Omnipresent Dilemma

Omnipresent Dilemma

Reemergence of dust storms in recent weeks is a cruel reminder of our urgent need to come up with a workable solution to this ongoing problem. Other Middle Eastern countries such as Kuwait, Lebanon, Egypt, Iraq, and the UAE have also been engulfed by such storms.
While coming under increasing pressure, Masoumeh Ebtekar, vice-president and Department of Environment (DoE) chief states the phenomenon is not an overnight product; it has been years in the making, no thanks to climate change and human negligence. Deforestation and desertification happened through mismanagement of resources and building dams over the rivers that suffocated lakes and wetlands.
Over the past years Iran’s water resources such as in Lake Urmia, Hamun, Gavkhuni, Arjan, Parishan, Ajigol, and Almagol have been dwindling.
“This situation has put the mineral as well as the organic particles of lakebeds exposed to the air, prone to even a slight breeze,” says Dr Esmaeil Kahrom, senior advisor to the head of DoE, and a university lecturer.

  Not Always Bad
He says, “Dusts are not a new phenomenon, nor are they always threatening. They have always been there in every part of the world and can actually bear great environmental benefits. The Namib Desert - a coastal desert in southern Africa – for example, sends billions of tons of dust into the Atlantic Ocean every year, to act as a fertilizer for the ocean life, nourishing algae, planktons and the like.”
The dust particles can also produce rain if they are of an adequate size (between 0.5 to 50 microns) and reach high enough altitudes, i.e. 3 kilometers above the atmosphere.
“Water vapor molecules latch onto dust particles to become heavy enough to fall to the ground,” he explains.
Suspended dust particles become problematic, however, when there are not enough forests, wetlands, and rivers to absorb them. Studies show every hectare of jungle absorbs 7.5 tons of dust every year.  This is while wetlands are calculated to have 10 and 200 times more economic value than jungles and farm lands, respectively. Wetlands’ functions include moderating the temperature, and helping soil retain its moisture, among other, Kahrom says.
In Khuzestan Province, which has lost more than 50% of its three wetlands, namely Hoor al-Azim (shared with Iraq), Shadegan, and Bam Dej, the temperature in summer reacher to above 50 degrees Celsius at times, a phenomenon less observed until three decades ago. As a result, the recent strong winds colliding with the region’s dry lands were easily transformed into dust storms.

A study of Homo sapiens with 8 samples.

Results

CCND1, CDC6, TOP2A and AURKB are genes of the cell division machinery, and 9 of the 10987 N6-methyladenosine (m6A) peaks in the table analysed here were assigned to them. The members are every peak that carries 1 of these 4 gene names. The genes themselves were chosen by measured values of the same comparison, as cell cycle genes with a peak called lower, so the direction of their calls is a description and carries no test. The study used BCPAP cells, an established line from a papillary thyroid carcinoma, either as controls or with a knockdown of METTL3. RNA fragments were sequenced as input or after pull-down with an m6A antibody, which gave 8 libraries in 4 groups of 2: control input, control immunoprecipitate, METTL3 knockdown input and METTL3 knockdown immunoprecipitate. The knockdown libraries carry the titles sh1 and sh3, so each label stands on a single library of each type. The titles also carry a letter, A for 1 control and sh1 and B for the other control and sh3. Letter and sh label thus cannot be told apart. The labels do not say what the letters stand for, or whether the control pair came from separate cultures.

International Cooperation
Nevertheless, many experts and officials believe – albeit rather controversially – that Iran is not the main source of the dust storms, Khodakaram Jalali, deputy minister and head of the Forest, Range and Watershed Management Organization (FRWO) claims. “Only less than 10% of the dust is generated from sources inside the country.”
Despite being skeptical about the figure, Kahrom attests that satellite images indicate most of the dust comes from Iraq, Saudi Arabia, Syria, and Turkey. “One of the major contributors to the dust problem is Turkey’s construction of nearly 10 dams over the Euphrates and Tigris rivers, stifling the rivers and, consequently, the biggest wetland of the Middle East, Hoor al-Azim,” he says.
As a result, the only effective solution to the endless dust storms lies in international cooperation. Experts say the issue may take 10 years to be completely tackled by three levels of short-term, medium-term, and long-term solutions which the government has proposed.
Kahrom asserts the immediate initiatives are pouring mulch - an oil derivative whose main function is the conservation of soil moisture and moderation of soil temperature - over dry lands, seeding the clouds, and planting trees. The long-term measures would be stopping dam construction, restoring lakes and wetlands, imposing a ban on logging, and preventing overgrazing of pastures.